At the same time there is considerable pressure to enhance lifestyles and quality of life through use of more sophisticated energy-demanding products and services. Indeed significant sectors of the economic are dependent on persuading people through skilled marketing to adopt these new products which tend to increase the ecological footprint of those so persuaded.
Aside from the concern to improve lifestyles, this proposal also addresses needs of those who are economically and socially disadvantaged and do not have access to particular products, but may have access to their substitutes. This may be especially relevant in the event of disaster and catastrophe as addressed by civil defence and humanitarian relief programs, when they occur or in anticipation of them.
This proposal is concerned with the design and implementation of a database that would enable people to recognize how the products and services they select are positioned in relation to others that may substitute for them. The database is specifically concerned with the economic and ecological consequences to a lifestyle of replacing Product M by Product N.
Substitution pathways: The structure of the database, whereby different products were (hyper)linked, would be such that users could explore the opportunities for replacing their use of:
Hierarchical structure: The database records on "products" (or services) might be either specific products or classes of such products (thus grouping many specific products). In this respect use would be made of the standard international classifications of such products and services. A hierarchical classification would therefore also be used whereby products at different logical levels were (hyper)linked.
Impact links: Where possible individual product records would be (hyper)linked to environmental or social problems with which they were associated. An extensive database of this type is maintained on over 30,000 "world problems" by the Union of International Associations.
Remedial links: Where possible individual product records would be (hyper)linked to remedial strategies seeking to reduce the environmental or social problems associated with those products or services. An extensive database of this type is maintained on over 30,000 "strategies" by the Union of International Associations.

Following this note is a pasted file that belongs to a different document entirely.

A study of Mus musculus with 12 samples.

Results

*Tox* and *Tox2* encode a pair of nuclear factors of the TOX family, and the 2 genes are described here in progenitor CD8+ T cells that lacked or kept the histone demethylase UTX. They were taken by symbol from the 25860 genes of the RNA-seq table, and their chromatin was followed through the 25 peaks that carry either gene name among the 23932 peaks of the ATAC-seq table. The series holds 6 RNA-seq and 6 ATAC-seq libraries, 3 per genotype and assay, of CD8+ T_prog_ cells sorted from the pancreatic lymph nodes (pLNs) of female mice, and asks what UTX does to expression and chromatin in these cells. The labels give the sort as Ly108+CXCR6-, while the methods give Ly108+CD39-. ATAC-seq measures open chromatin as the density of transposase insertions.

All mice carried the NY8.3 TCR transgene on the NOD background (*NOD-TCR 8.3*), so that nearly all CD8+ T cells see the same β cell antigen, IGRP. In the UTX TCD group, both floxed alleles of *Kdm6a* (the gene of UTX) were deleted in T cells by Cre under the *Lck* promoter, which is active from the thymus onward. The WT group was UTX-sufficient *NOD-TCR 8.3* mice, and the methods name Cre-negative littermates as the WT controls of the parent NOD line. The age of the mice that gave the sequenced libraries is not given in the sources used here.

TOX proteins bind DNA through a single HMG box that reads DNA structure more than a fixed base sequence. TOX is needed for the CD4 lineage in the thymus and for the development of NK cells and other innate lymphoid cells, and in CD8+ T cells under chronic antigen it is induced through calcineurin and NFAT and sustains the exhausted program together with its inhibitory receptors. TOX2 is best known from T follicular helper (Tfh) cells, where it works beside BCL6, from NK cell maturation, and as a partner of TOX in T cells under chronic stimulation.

Information relevant to this initiative may be obtained from sources such as:
Whilst a database as outlined above could be of obvious value in guiding consumer choices in relation to lifestyle preferences, valuable additional features could be envisaged.
The problem in opting for alternatives of lower ecological or economic impact is that the sustainability of that choice tends to be determined by the meaningfulness of the lifestyle pattern that it engenders. The strength of conventional product marketing is lies in the ability to offer something that can be portrayed as "better" in some way that can be experienced as lifestyle enhancement, notably with a materialist emphasis. The experiential benefits of substituting apparently cruder and less sophisticated products for the latest technological breakthroughs is far less obvious, notably to those tantalized by the new and the excitement of breaking out of old patterns.
The database must there contribute in some way to rendering credible the coherence and meaningfulness of the lifestyle pattern sustained by a set of product/service choices. Whereas for some this may be a matter of belief or ideology - for which they are prepared to sacrifice - for others the meaningfulness of the consequent patterns needs to be articulated in new ways.